International Press Freedom Awards Zone 9 Bloggers.

September 15th, 2015 Print Print Email Email

In April 2014, Ethiopian authorities arrested six bloggers affiliated with the Zone 9 collective. The bloggers–Abel Wabella, Atnaf Berhane, Mahlet Fantahun, Natnail Feleke, Zelalem Kibret, and Befekadu Hailu–were charged with terrorism.

The Zone 9 blogging collective was formed in May 2012 in response to the evisceration of the independent press and the narrowing of space for free expression. The name, “Zone 9,” is derived from the zones in Kality Prison, the main jail where Ethiopia’s political prisoners, including several journalists, are held. While Kality Prison is organized into eight different zones, the bloggers refer to the entire country as “Zone 9” because of Ethiopia’s lack of democratic freedoms, one of the bloggers told CPJ.

The collective is made up of nine bloggers–the six named above, and Soleyana S Gebremichael, Endalk Chala, and Jomanex Kasaye, all of whom are in exile. Soleyana has been charged in absentia.

In July 2015, weeks before U.S. President Barack Obama visited the country, Ethiopian authorities released Mahlet and Zelalem.

The Zone 9 bloggers were arrested along with three other journalists–editor Asmamaw Hailegeorgis and freelancers Tesfalem Waldyes and Edom Kassaye, who were later released. The initial charges against the group included working with international human rights organizations and taking part in email encryption and digital security training. The group was subsequently charged with terrorism.

Since 2009, when Ethiopia’s anti-terror law was implemented, the government has used the sweeping legislation to imprison more than a dozen critical journalists, according to CPJ research. In 2012, blogger Eskinder Nega was sentenced to 18 years in prison and Woubshet Taye to 14 years, both on terrorism charges. CPJ’s 2014 prison census found that Ethiopia was the fourth worst jailer of journalists in the world, with at least 17 journalists behind bars. Ethiopia also ranked fourth on CPJ’s 2015 list of the 10 Most Censored Countries.

With the motto “We Blog Because We Care,” the Zone 9 collective has voiced concerns over domestic issues, including political repression, corruption, and social injustice. The collective’s posts were frequently blocked inside Ethiopia, but gained a following with Ethiopians in the diaspora, according to local reports. Their posts on Facebook solicited some 12,000 responses a week, reaching 200,000 during a four-part “campaign” they ran on Facebook.

By awarding the Zone 9 bloggers with its International Press Freedom Award, CPJ recognizes the important role that bloggers play in environments where traditional media are weak or have been all but shuttered by financial hardship and direct or indirect state attacks.

Country facts:

Ethiopia released at least six journalists from prison in 2015, but is still holding around a dozen journalists in jail in relation to their work.
In May 2015, the ruling Ethiopian People’s Revolutionary Democratic Front (EPRDF) won 100 percent of the vote.
In 2014, at least eight independent publications were shut down, according to CPJ research.
Between 2013 and 2014, in response to the continued government crackdown on the media, more than 40 journalists fled into exile from Ethiopia.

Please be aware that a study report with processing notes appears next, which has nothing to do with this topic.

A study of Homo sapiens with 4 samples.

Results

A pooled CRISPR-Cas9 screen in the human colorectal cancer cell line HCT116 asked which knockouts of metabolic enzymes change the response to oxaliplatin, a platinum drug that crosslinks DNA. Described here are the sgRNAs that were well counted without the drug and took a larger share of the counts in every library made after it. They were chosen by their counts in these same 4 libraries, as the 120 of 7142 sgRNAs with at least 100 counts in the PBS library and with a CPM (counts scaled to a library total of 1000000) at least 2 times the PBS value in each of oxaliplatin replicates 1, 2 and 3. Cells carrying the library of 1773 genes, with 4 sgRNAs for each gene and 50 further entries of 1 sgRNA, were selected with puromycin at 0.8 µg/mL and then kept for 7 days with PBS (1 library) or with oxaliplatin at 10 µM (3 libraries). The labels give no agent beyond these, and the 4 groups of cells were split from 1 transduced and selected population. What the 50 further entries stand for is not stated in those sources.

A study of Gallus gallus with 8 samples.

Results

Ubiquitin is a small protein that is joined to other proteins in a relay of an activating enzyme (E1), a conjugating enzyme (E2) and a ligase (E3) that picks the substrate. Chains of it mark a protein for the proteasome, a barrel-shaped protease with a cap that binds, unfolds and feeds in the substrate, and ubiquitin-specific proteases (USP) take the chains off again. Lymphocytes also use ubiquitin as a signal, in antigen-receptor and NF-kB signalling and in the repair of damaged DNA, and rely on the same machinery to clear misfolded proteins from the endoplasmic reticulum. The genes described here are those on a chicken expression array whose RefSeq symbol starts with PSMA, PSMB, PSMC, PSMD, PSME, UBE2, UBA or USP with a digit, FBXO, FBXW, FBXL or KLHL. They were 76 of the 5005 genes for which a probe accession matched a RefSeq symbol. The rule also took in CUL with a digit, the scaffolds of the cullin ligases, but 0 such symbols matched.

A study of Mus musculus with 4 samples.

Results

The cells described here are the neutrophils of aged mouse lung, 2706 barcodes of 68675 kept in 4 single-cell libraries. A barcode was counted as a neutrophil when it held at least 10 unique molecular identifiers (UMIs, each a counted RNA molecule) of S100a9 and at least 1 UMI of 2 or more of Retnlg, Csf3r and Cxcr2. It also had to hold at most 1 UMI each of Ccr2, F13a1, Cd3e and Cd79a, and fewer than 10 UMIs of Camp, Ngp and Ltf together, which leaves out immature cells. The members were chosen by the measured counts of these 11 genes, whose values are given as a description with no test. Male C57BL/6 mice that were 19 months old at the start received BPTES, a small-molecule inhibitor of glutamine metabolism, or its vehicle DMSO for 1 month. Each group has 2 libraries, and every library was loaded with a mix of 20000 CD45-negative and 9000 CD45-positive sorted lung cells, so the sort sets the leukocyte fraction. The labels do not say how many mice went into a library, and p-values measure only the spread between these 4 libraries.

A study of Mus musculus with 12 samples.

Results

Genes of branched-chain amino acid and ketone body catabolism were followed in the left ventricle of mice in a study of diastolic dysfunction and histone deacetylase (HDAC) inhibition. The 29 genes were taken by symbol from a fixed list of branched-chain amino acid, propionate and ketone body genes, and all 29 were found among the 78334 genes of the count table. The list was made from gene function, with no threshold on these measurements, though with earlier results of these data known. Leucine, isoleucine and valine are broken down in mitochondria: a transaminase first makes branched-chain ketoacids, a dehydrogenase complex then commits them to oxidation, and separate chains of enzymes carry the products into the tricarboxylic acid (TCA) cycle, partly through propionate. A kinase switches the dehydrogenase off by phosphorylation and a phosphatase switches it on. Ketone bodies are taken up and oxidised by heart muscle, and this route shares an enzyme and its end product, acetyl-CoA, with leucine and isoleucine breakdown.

1. ብንያም አለማየሁ
    | #1

    Tigrai State government announces names and positions of new state officials on September 25, 2015
    People were forced to pay bribes to the authorities just to live or work in the developed District 1 Tigrai The bloggers exposed that and we need to continue to expose the corruption so the government feels like whether they imprison the bloggers or not the corrution is going to get exposed.

    Tigrai authorities same as the Mafia were demanding to get paid regular protection money to businesses
    operate their businesses safely or send their kids to school . The corruption in Tigrai is so severe .

    For Tips-off

    +251115527781 / +251115527774 / +251115529100(Ex 232)

    Starting September 2015. H.E. Mr. Abay Woldu remains president of Tigrai State and H.E. Ambassador Dr. AddisAlem Balema becomes the vice president. Ms. Kidusan Nega is the Speaker of the House.
    Twenty two men and seven women make up the list of government officials.
    We hope the new government will do its level best to address the tough issues of corruption, water shortage, good governance and unemployment.
    There is some resentment the state of Tigrai is not up to par with other Ethiopian states for different reasons. One of the reasons people say is the more educated experienced and dedicated sons and daughters of the state; such as Dr. Arkebe Enkoy, Dr. Debretsion Geberemichael, and Dr. Tedros Adhanom are serving in the federal government instead of the state of Tigrai which needs them badly.

    As long as the overall policy is fair and just and government officials follow through things will get done. Some problems arise because the execution of policies at the grass root level is messed up and the high government officials don’t care to check or they are not aware of what is going on.
    The first responsibility of a public servant is to the public not himself or herself. A self serving politician is not a public servant, but a greedy business person.
    We should judge our politicians and government officials not by the eloquent speeches they give, but by the actions they take to serve the public.
    We wish all the new and returning government officials good luck and remind them to take their public duties very seriously.